Late Windrush Man was Treated Shamefully, Appeal Judges Say

Hubert Howard suffered a "hostile environment" as a result of being unable to obtain formal documentation of his immigration status, judges said

Hubert Howard was born in Jamaica and died in Britain in 2019, aged 62.

He experienced “serious problems” because he could not get formal documentation of his immigration status, Court of Appeal judges said.

A ruling on the latest stage of a citizenship dispute found he had been subject to a “hostile environment”.

At the hearing on Wednesday Lord Justice Underhill, Lord Justice Baker and Lady Justice Elisabeth Laing said Mr Howard’s family had been compensated under the Windrush Compensation Scheme for the “way in which he was treated”.

“Like many others in the Windrush generation, Mr Howard suffered serious problems from being subject to the so-called ‘hostile environment’ as a result of being unable to obtain formal documentation of his immigration status,” said Lord Justice Underhill.

He added that “most seriously”, in 2012, Mr Howard had lost a long-term job as a caretaker after an inspection by immigration officers.

Empire WindrushImage source, Getty Images
Image caption,
The Empire Windrush brought workers from Jamaica, Trinidad and Tobago and other islands to the UK as a response to post-war labour shortages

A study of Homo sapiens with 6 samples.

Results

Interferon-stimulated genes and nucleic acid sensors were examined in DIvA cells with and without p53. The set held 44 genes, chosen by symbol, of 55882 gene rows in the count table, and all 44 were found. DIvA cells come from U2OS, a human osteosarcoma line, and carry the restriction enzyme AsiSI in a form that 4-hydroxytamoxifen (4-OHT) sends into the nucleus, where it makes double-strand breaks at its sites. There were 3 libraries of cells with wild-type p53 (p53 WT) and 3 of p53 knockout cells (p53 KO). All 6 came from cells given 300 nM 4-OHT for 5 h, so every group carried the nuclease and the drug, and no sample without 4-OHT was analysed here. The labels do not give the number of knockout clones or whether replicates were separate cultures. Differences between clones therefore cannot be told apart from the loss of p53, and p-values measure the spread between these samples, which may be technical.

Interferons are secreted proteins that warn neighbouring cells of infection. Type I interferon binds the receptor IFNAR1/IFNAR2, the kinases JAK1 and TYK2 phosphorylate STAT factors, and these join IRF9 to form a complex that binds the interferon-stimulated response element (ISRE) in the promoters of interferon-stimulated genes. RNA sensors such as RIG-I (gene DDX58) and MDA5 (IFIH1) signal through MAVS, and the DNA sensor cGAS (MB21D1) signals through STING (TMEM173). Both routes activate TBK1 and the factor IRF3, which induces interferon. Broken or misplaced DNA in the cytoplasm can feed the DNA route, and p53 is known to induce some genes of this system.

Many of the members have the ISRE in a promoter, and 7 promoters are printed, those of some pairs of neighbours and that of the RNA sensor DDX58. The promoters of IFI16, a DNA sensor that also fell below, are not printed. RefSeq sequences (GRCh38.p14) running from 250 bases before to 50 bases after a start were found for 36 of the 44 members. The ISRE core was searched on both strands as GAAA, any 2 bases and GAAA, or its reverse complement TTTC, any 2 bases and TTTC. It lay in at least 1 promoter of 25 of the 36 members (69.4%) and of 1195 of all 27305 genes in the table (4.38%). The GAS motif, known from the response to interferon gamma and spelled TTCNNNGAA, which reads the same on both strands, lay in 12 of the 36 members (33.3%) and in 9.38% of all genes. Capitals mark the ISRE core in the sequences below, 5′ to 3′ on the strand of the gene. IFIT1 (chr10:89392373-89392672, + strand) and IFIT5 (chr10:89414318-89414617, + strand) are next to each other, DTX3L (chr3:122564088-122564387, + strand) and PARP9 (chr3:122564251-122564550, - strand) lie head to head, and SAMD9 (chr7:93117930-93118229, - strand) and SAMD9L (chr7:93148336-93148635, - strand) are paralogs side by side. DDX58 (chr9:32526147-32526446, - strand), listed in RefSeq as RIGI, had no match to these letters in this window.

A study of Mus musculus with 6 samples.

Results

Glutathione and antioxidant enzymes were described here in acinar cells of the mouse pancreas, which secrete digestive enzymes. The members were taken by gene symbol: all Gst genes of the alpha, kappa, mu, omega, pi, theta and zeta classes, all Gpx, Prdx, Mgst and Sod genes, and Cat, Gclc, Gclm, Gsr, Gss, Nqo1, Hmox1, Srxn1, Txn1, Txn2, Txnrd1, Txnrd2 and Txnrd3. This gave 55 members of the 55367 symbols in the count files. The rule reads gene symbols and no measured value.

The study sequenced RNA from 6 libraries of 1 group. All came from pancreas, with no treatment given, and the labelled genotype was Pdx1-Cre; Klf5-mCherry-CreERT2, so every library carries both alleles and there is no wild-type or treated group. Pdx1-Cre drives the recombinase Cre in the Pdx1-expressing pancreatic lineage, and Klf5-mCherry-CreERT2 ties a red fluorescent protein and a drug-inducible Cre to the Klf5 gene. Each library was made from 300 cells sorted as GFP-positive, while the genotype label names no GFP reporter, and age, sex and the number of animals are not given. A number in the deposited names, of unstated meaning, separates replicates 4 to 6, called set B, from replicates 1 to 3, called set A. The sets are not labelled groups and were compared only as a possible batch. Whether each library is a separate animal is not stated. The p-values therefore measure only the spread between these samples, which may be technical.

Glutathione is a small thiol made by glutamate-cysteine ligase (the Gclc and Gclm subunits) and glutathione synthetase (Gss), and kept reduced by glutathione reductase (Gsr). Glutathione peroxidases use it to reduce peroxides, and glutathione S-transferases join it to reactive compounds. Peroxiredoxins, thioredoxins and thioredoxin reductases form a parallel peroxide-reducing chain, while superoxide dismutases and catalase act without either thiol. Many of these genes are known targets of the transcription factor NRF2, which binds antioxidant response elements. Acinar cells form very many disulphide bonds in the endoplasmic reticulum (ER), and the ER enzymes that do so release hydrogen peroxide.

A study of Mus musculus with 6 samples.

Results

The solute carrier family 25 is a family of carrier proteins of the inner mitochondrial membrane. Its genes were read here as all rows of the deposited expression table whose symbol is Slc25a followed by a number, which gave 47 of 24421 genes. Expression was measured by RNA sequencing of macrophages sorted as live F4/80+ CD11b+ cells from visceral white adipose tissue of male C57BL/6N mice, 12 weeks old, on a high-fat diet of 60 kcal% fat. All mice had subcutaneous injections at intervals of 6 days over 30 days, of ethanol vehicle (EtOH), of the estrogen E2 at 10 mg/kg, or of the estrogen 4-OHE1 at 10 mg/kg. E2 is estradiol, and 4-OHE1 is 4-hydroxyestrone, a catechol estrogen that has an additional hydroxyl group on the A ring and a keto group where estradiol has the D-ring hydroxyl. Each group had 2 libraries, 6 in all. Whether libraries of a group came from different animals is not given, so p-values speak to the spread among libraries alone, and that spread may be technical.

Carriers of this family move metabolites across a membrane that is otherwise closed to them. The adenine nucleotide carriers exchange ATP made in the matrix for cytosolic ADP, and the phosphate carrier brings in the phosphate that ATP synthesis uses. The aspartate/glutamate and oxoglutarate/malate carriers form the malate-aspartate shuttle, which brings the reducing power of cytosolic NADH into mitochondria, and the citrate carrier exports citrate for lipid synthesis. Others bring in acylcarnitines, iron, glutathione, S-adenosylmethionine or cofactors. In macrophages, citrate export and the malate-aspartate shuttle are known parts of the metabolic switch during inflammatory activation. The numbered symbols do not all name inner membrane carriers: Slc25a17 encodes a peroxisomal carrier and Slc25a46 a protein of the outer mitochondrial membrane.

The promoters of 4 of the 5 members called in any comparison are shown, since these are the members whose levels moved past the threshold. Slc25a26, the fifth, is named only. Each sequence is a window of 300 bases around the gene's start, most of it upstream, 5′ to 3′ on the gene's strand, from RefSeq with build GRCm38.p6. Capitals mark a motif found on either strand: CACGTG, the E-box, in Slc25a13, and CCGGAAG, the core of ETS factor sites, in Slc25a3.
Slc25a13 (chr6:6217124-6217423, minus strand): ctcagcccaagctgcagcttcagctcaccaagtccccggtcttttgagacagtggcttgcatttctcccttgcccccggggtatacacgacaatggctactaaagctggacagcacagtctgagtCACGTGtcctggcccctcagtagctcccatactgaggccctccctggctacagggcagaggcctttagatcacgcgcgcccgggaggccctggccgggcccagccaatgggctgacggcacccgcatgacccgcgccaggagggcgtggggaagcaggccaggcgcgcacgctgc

Mr Howard had applied for naturalisation as a British citizen in 2018.

However, Home Office ministers refused his application on the basis that Mr Howard did not satisfy the statutory “good character requirement”.

In 2021, a High Court judge said the refusal of Mr Howard’s application for naturalisation had been unlawful.

But the appeal judges overturned that ruling and upheld a Home Office challenge.

Lord Justice Underhill said the appeal decision did not “in any way undermine the recognition that Mr Howard was shamefully treated”.

Lord Justice Baker and Lady Justice Laing agreed.

A Home Office letter explained how Mr Howard’s application had been refused because he did not meet a “good character requirement”, and had been “convicted of a number of criminal offences” and given a 12-month suspended jail term for assault.

Appeal judges said all but one of the offences were “minor”.

They said the assault conviction occurred in 2018, when Mr Howard, who had been seriously ill, became angry with the doctor’s receptionist, attempted to snatch paperwork from her and “in the course of doing so” had “grabbed her finger”.

Mr Howard had brought proceedings challenging the refusal of his application in April 2019, arguing that it was inconsistent with promises made by then Home Secretary Amber Rudd, in a Commons statement in April 2018, about the treatment of members of the Windrush generation.

The decision to refuse had been reviewed by the Home Office in October 2019 – and Mr Howard’s application had been granted “on an exceptional basis”.

Mr Howard, who suffered from leukaemia for several years, died less than a month later. Since then, he has been represented by his daughter.